Los Angeles Oculoplastic Surgeon Discusses Realistic Results of "The Walking Dead" Character's Injury


Dr. Mehryar (Ray) Taban of Taban MD in Beverly Hills

“Considering the angle of the gun shot in the scene on 'The Walking Dead,' it is not unlikely that a person could survive such an injury,” added Dr. Taban

Millions of viewers watched in awe as one of the main characters of AMC's zombie series “The Walking Dead” suffered a shocking and graphic eye injury caused by a stray bullet during the 2016 mid-season premiere. According to the episode's director Greg Nicotero in an interview with The Hollywood Reporter, the injury had to be survivable and believable, explaining that the bullet hit just above the cheekbone at the corner of the eye before ricocheting outward. The resulting bone fragments shattered into the character's eye.

“The most common cause of eye injuries is actually guns, whether toy guns or recreational guns,” said Dr. Mehryar (Ray) Taban, acclaimed oculoplastic surgeon at Taban MD in Los Angeles. “The injury, as depicted on the TV show, can cause a variety of consequences, the most likely being both ocular and orbital damage and blindness.”

Gun shot wounds to the eye often cause the following symptoms depending on the type of weapon and location of impact:

Traumatic Optic Neuropathy – The optic nerve is damaged directly or indirectly as a result of the trauma, resulting in partial or complete vision loss.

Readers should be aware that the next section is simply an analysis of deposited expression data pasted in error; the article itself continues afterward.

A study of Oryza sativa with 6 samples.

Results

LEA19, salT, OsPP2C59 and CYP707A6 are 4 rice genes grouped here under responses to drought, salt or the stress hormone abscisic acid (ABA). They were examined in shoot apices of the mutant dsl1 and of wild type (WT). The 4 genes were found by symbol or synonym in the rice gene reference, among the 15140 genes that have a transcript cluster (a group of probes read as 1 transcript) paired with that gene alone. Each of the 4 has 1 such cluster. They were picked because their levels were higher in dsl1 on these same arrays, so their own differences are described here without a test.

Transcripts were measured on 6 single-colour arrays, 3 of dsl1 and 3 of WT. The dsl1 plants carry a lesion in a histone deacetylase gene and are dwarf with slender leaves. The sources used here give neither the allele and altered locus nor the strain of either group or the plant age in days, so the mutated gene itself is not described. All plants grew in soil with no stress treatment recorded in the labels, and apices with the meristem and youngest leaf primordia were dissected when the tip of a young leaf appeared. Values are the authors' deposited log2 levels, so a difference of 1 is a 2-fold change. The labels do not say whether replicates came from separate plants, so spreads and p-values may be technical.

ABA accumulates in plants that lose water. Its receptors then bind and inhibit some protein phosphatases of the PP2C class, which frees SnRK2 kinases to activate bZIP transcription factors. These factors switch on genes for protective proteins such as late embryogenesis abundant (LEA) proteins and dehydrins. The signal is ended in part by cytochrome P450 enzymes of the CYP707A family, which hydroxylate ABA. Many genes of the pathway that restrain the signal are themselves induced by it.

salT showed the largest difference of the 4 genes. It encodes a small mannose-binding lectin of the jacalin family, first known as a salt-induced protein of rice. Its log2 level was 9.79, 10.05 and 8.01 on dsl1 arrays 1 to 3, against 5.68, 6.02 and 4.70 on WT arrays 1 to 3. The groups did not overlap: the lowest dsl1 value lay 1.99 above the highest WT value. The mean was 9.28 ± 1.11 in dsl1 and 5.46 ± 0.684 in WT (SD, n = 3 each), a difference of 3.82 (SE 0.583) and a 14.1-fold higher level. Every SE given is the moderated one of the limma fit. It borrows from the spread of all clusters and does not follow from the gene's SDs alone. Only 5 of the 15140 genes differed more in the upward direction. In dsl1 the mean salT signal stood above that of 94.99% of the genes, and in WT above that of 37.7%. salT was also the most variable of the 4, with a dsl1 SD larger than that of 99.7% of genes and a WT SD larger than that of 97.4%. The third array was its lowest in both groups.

Globe Rupture – The outer membrane of the eye is penetrated or damaged, potentially causing full-thickness injury to the sclera and cornea. In most cases, globe rupture results in permanent vision loss.

Orbital Blowout Fracture – One or more of the bones of the eye socket are fractured, resulting in orbital fat and muscle prolapse, double vision, sunken ocular globes (enophthalmos), and loss of sensation of the cheek and upper gums.

Iritis – Traumatic inflammation of the iris due to blunt trauma, resulting in pain, blurred vision, misshapen pupil, headache, redness.

Sclopetaria – Full-thickness disruption of the retina and choroid of the eye as a result of shock waves created by the projectile trauma that does not actually enter the eye.

“Considering the angle of the gun shot in the scene on 'The Walking Dead,' it is not unlikely that a person could survive such an injury,” added Dr. Taban. “However, the craniofacial trauma, in addition to globe rupture, would essentially cause irreparable damage and the eye would have to be removed and the socket reconstructed.”

Sudden vision loss in one eye cause reduced field of vision and decreased depth perception, which can make it difficult to see people approaching from the blind side or even walk down stairs comfortably.

“While suffering an injury that cause monocular vision can be traumatizing, it is possible to adapt to the loss of peripheral vision and depth perception,” said Dr. Taban. “Fortunately, most people with monocular vision can continue to lead a relatively normal life regardless of when the vision loss occurs.”

Mehryar (Ray) Taban, MD, is a Santa Barbara and Beverly Hills,Los Angeles oculoplastic surgeon (cosmetic and reconstructive eyelid plastic surgery) who is committed to his patients’ progress and results. He offers an array of reconstructive and cosmetic procedures, with a focus on the face in general and the eyes in particular. He has had extensive training, and is triple board-certified by the American Society of Oculofacial Plastic Surgery (ASOPRS), American Board of Cosmetic Surgery (ABCS) and American Board of Ophthalmology (ABO). Due to Dr. Mehryar (Ray) Taban's expertise in eye plastic surgery, he is often called upon to help other physicians with their complex cases, and frequently publishes articles and lectures to physicians around the country.

For more information on Dr. Taban and his services, please visit http://www.TabanMD.com.